Several issues, all electrical. Chrysler Town and Country.

schaffsschaffs Member Posts: 1
edited October 2014 in Chrysler
I have a 2005 Chrysler Town & Country LX 3.3L

It seems as if all of these problems started happening near the same time.

The first thing we noticed: when turning on the blower, it only blows heat and it only blows it out of the defrost location. In the Rear, it only blows cold.

Then, the headlights started to not come on. If this happens, you have to turn the lights on and off multiple times until they turn on.

Then, the vehicle started spitting and spurting, lurching as you're driving, almost as if it was cutting out.
This eventually resulted in a check engine light, which yielded code P0138 O2 circuit high voltage bank 1 sensor 2

Was going to replace O2 sensor, but perhaps something else electrical related seeing as how all of the other issues...?
HELP please!


  • thecardoc3thecardoc3 Member Posts: 5,631
    With multiple issues you have to create and follow a good game plan. Part of that is to not assume anything, especially the idea that the problems could be related in any way. Literally for the moment treat them like they are occurring on different cars. Now pick one and troubleshoot and solve it, then look to see if you just happened to have solved more than one problem.

    The O2 sensor code means that the voltage from the sensor is too high after a measured period of time after the engine was started. Correctly diagnosing that requires investigating when and why is the voltage high to begin with and what causes the voltage to drop. The PCM puts out a reference voltage on the O2 sensor signal wire and it see's that voltage that it outs on the wire. When the car is started the O2 sensor is cold and has a very high resistance so it cannot pull that reference voltage down so that the computer can see the O2 sensor's output voltage. It is the O2 sensors heater circuit that has to warm the sensor up to the point that it turns on, and pulls that reference voltage down. This should occur in about fifteen to thirty seconds after a cold start and is something that can be seen in the data stream with a scan tool.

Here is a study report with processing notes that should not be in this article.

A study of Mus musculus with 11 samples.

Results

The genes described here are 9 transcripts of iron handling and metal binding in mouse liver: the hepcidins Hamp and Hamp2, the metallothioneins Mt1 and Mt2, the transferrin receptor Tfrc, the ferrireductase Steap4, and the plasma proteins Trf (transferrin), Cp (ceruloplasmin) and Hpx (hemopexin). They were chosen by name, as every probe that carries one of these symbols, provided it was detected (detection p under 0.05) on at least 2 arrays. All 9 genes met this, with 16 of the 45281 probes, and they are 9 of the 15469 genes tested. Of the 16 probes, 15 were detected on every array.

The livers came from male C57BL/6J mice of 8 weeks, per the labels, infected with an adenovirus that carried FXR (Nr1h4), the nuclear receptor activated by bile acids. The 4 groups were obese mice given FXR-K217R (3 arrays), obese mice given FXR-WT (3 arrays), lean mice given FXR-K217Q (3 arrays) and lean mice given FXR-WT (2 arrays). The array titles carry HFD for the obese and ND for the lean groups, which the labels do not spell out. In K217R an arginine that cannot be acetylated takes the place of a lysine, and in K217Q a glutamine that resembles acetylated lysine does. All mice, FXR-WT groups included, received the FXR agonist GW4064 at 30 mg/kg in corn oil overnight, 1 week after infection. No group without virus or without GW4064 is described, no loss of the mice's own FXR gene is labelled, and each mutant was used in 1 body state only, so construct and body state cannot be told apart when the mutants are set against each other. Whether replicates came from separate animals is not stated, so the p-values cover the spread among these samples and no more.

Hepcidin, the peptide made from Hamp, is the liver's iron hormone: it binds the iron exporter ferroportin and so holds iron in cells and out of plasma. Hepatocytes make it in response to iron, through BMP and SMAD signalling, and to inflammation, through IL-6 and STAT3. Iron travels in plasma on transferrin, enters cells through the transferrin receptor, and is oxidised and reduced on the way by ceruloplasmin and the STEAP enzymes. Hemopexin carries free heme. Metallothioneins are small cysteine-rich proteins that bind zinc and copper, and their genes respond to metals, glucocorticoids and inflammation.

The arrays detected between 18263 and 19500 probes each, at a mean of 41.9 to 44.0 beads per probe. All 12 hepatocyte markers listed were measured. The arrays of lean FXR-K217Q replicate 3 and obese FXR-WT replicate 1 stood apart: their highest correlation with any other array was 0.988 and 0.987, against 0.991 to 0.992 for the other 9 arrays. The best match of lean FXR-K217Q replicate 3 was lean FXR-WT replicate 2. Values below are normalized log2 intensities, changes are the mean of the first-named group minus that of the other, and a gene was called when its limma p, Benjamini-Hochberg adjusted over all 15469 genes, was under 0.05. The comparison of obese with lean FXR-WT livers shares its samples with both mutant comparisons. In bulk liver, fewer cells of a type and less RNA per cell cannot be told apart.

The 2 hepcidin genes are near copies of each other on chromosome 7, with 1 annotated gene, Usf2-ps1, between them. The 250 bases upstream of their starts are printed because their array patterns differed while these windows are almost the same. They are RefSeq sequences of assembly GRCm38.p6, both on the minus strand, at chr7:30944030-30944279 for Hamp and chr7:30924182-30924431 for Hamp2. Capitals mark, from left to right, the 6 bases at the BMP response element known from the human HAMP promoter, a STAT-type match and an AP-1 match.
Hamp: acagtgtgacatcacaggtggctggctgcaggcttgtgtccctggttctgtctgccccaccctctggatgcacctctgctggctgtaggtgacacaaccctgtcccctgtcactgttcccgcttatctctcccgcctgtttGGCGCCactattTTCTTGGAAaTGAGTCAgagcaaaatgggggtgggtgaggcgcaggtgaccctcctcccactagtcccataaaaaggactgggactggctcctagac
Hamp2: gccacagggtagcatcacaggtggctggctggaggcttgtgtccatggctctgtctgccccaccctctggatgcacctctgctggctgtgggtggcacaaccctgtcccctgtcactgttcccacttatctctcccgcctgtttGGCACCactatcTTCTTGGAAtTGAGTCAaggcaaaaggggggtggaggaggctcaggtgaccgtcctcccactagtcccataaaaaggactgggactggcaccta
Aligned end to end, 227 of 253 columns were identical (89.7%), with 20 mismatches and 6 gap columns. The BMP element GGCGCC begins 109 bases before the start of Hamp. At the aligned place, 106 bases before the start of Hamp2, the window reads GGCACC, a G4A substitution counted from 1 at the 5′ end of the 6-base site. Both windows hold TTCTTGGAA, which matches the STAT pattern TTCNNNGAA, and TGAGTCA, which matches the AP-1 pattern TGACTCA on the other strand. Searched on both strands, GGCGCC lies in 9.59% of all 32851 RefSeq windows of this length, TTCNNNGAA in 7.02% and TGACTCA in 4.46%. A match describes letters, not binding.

OK, so you have the description of how it works, now from a technicians perspective you have to prove what is actually going on. The heater circuit may have failed in the O2 sensor and many will simply tell you to just replace the part. When that works everyone treats what auto technicians do as menial. However, you could be missing power to the sensor for the computer to even turn the heater on, and a good routine has to check and confirm both power to the sensor and the PCM's ability to control it instead of just pull a code and toss a part, and that is what you are really paying for when a top tech is diagnosing a fault like this. At the same time it is possible to rationalize whether there is any possible correlation to the other symptoms (issues) described. Losing power to the sensor from the source would likely cause a loss of power to the other O2 sensors as well and since you didn't report similar codes for the other sensors that isn't plausible.

    Now once the O2 sensor issue is resolved, choose the next one you want to address, or of course don't start with the O2 sensor, start with the headlight problem. Either way you need the schematics for the system that you want to figure out, a fully capable scan tool to check switch inputs and perform bi-directional commands as required and then put a plan into use.